Find your fanciest goblet and your fitted costume fangs this week as we explore the city after dark with Vampire the Masquerade.
I say this in the most affectionate way possible; Vampire the Masquerade is one of the most 90’s tabletop RPGs to come out of the 90’s.
Originally debuting in 1991 and still going strong to this day with a 5th edition published in 2018, Vampire the Masquerade takes place in a “gothic-punk” take on our modern world, following your party of vampires as they handle the evening-to-evening (Get it? Because they can’t be out during the day?) dealings with vampire hunters, their own nature, and of curse the general politics of the greater vampire community.
I’d like to poke fun at both the very edgy nature of the game, and by extension a younger version of myself, but this was a unique and thoughtful game in many regards. Not many other games at the time focused primarily on the intrigue and potential political espionage that would always be at play in the backdrop of this urban fantasy, and another game may have focused on the vampire hunting portion of the world for a more classic dungeon crawl feel. But inspired by popular books and films at the time, the game was designed to focus on the more role-playing and social aspects of gameplay and world building.
Gameplay utilizes the Storytelling System with a few added mechanics focusing on bringing the vampire aspect of the vampire game to life. In general the Storytelling System consists of attributes and skills the player buys with points and represented on your page with circle. Each circle equals one potential d10 you the player can roll. The additional mechanics include “vitae” or the amount of human blood currently fueling their vampiric body to spend on special abilities and supernatural tricks and “humanity” representing their placement on the relatively-human-passing-to-absolutely-feral scale.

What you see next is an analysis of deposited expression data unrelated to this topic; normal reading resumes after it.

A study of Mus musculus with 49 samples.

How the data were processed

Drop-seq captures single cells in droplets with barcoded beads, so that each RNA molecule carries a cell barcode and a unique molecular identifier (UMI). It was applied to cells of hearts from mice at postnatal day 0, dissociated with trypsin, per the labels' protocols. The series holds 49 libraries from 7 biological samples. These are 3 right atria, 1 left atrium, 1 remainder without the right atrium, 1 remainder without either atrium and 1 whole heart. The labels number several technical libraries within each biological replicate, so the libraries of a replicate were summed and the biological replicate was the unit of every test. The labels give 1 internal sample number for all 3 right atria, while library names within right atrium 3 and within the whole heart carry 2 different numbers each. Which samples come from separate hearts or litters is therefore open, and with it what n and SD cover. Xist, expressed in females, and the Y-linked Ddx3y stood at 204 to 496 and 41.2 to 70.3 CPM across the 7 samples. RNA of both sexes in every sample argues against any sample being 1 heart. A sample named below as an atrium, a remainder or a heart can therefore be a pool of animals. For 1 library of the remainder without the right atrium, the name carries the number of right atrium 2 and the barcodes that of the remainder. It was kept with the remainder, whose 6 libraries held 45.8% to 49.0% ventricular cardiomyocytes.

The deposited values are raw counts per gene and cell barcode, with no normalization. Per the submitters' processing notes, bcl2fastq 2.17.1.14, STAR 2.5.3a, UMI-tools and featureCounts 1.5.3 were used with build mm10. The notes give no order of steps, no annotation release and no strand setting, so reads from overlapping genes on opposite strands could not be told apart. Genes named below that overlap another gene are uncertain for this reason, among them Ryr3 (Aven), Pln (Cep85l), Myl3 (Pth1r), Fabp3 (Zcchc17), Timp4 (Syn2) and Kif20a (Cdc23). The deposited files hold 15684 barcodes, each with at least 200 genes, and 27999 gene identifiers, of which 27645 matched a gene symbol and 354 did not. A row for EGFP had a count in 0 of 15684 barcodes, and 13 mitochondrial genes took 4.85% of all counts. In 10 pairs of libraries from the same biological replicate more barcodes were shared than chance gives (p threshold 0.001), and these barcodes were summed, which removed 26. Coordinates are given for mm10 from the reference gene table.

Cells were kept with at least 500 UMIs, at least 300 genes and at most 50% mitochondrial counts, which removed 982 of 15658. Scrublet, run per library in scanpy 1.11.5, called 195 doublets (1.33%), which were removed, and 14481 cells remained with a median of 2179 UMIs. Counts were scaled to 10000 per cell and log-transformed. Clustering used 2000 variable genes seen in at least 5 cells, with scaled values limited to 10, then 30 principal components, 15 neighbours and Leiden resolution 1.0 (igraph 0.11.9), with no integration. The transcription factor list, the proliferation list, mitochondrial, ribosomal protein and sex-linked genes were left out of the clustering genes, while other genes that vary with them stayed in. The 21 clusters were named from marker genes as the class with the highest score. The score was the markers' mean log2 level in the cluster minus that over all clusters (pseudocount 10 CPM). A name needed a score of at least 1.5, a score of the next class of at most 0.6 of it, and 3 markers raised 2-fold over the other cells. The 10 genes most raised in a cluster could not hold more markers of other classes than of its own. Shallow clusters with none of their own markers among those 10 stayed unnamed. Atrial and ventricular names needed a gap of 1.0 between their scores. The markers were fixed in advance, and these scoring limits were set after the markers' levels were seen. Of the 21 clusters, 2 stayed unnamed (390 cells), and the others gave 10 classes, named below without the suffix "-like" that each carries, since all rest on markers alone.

Since 1991, Vampire the Masquerade has enjoyed a number of successful incarnations with 5 editions of the tabletop RPG, a collectible card game, video games, a brief tryst with television, and a live action role playing (LARP) which a fourteen year old version of myself may or may not have played at least a few hours of at an anime convention years ago. But the system has attracted some controversy as well after 2018 accusations that they were purposefully catering to neo-Nazi groups and players. These claims were quickly squashed by producer Jason Carl who very definitely said, “White Wolf is a very diverse team,” Carl said in response to a question in Twitch chat, “and we feel that we are a global company and that we have a global community and that everybody is welcome in that community. Unless you are a Nazi or a neo-Nazi, or a member of any other hate group that uses these disgusting philosophies to advance your hateful agendas. If you are a member of one of those groups or support those agendas we don’t want you in our community. You aren’t welcome, and if we find you spreading your hate in our community you will be shown the door. We don’t want your money. You can keep it.”
Vampire the Masquerade is a game that said, “You know what people would enjoy? Pretending to be (usually) sexy undead immortals who want to explore their own relationship with good and evil” and popular media has been proving this concept right over and over and over again. It’s a little bit edgy and silly, sure, but it’s also a game that allows us to lean into that in-game desire in a way that’s pretty unapologetic. Tabletop RPGs are supposed to be fun, and honestly, vampires are pretty fun. What We Do In The Shadows made that really apparent.
Have you played Vampire the Masquerade? Which version of the game have you played and what kind of vampire did you pick? Which popular vampire-centric book / movie / television show would you want your vampire community to exist within? Let us know in the comments!